PLO's Ashrawi: No such thing as Jewish refugees

Member of PLO Executive C'tee says Jews who came to Israel from Arab countries came voluntarily, pressured by Zionist groups.

Jewish refugees from Yemen cross desert 370 (photo credit: Courtesy Israeli National Photo Archive)
Jewish refugees from Yemen cross desert 370
(photo credit: Courtesy Israeli National Photo Archive)
Jews who came to Israel from Arab countries are not refugees, because they left their homes voluntarily and under pressure from Zionist groups and the Jewish Agency, Hanan Ashrawi, a member of the PLO Executive Committee, said over the weekend.
In an article published in a number of Arab media outlets, Ashrawi, who is also a member of the Palestinian Legislative Council, said the “claim that Jews who migrated to Israel, which is supposed to be their homeland, are ‘refugees’ who were uprooted from their homelands... is a form of deception and delusion.”
She explained: “If Israel is their homeland, then they are not ‘refugees;’ they are emigrants who returned either voluntarily or due to a political decision.”
Ashrawi’s comments came in response to Israeli efforts to hold a summit on the issue of Jewish refugees from Arab countries next month.
The Foreign Ministry – together with the World Jewish Congress and the Senior Citizens Ministry (formerly the Pensioners Affairs Ministry) – is stepping up its campaign to bring the issue of Jewish refugees to public and diplomatic attention.
The Foreign Ministry says more than 850,000 Jews from Arab countries fled their homes following persecution that ensued after the establishment of the State of Israel in 1948.
Deputy Foreign Minister Danny Ayalon told The Jerusalem Post last week that the government was finalizing plans to institute a national day of recognition for the Jewish refugees. It also plans to build a museum to document the historical events of these communities, as well as their cultural heritage; collate testimony from thousands of refugees; and bring the issue front and center on the diplomatic stage.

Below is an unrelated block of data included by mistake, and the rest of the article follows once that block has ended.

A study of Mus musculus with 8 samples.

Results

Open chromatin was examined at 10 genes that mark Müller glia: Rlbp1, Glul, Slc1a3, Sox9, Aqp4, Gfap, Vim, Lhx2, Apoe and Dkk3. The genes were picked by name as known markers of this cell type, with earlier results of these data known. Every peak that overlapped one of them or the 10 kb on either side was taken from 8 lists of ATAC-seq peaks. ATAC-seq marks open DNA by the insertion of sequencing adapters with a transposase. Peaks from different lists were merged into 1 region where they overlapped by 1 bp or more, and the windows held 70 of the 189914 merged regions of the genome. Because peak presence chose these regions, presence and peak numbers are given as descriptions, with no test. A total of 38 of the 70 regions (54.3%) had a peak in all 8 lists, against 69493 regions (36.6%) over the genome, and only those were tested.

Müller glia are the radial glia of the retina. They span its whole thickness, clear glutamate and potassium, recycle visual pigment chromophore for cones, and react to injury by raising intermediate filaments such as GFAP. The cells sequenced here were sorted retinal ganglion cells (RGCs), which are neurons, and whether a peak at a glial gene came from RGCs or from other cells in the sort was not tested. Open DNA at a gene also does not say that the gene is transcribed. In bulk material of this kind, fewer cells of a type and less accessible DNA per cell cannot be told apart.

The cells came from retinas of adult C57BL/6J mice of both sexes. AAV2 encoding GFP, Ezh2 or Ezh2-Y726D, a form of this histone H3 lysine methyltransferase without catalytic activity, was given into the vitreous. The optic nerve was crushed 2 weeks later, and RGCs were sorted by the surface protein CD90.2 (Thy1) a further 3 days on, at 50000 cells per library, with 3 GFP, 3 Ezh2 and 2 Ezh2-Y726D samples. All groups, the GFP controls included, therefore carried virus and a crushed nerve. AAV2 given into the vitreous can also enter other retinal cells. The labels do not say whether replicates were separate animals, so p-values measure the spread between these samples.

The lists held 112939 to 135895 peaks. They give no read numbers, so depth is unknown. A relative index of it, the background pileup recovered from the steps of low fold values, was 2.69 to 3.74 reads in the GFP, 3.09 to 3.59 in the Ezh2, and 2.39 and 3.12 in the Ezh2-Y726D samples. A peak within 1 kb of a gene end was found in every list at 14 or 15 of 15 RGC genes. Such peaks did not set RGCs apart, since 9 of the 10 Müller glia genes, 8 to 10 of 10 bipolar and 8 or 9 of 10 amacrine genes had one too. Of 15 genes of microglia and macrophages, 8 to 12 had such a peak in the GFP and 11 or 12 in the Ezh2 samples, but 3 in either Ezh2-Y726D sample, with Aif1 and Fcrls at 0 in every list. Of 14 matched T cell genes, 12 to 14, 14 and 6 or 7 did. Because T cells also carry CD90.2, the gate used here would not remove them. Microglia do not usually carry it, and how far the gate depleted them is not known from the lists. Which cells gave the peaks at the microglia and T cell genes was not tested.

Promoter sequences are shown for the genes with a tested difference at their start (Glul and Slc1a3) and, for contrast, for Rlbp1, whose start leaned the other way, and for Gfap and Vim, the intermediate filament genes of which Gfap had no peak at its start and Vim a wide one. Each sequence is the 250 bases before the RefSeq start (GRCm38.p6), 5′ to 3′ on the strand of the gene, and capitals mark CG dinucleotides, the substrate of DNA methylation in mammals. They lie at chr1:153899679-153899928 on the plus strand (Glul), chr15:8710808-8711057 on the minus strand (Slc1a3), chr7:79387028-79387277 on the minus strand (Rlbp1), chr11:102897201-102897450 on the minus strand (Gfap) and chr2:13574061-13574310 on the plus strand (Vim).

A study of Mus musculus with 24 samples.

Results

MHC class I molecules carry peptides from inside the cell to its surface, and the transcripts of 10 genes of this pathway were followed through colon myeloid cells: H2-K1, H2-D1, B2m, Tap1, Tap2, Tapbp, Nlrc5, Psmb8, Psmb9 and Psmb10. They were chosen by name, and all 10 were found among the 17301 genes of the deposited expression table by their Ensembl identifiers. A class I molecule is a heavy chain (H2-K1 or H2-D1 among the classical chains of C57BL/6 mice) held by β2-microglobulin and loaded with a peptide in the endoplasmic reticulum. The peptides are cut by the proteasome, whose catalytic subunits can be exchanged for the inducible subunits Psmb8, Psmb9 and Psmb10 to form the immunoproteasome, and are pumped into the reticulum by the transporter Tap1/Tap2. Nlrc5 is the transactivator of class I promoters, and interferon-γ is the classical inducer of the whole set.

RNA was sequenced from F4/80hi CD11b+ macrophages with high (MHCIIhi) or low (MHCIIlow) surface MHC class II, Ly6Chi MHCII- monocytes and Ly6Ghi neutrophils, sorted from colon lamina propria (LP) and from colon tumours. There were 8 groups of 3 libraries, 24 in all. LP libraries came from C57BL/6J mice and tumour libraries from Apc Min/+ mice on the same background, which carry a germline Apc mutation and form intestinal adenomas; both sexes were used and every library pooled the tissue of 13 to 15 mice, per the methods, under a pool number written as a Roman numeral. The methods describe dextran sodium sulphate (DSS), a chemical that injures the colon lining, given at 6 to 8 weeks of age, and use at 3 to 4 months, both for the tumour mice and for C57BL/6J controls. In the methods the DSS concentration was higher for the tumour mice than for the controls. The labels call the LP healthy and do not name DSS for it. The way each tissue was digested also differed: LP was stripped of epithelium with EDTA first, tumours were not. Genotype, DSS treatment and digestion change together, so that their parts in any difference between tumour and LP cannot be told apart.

Ashrawi, however, rejected the assertion that Jews left their countries of birth because of persecution.
“Arab Jews were part of the Arab region, but they began migrating to Israel after its establishment,” she argued. “They did so in accordance with a forethought plan by the Jewish Agency to bring Jews from all around the world to build the State of Israel.”
Ashrawi did, nonetheless, acknowledge that “some Arab countries at that time were ruled by tyrannical regimes.”
But, she noted, “all citizens, regardless of their religion, were subjected to suffering.
Jews were not singled out, although there had been some suspicious incidents of persecution or individual violence [against Jews] to encourage them to emigrate [to Israel]. The emigration of Jews was a voluntary act that was influenced by factors of pressure and temptation by Zionist movements and the Jewish Agency.”
Ashrawi called for drawing a distinction between Arab and Jewish refugees.
Zionist gangs, she said, “forced Palestinians out of the land that had belonged to the Palestinian people for thousands of years, while Jews voluntarily and collectively left.”
Ashrawi also voiced hope that Jews would be allowed to return to Arab countries.
She claimed that Iraq and Morocco had welcomed the return of Jews.
“We expect the Arab countries to welcome the return of their Jewish citizens in the context of democratic regimes that respect pluralism,” Ashrawi stressed.
“From a legal perspective, the first right – before compensation – is the right of return of the refugee to his/her original homeland.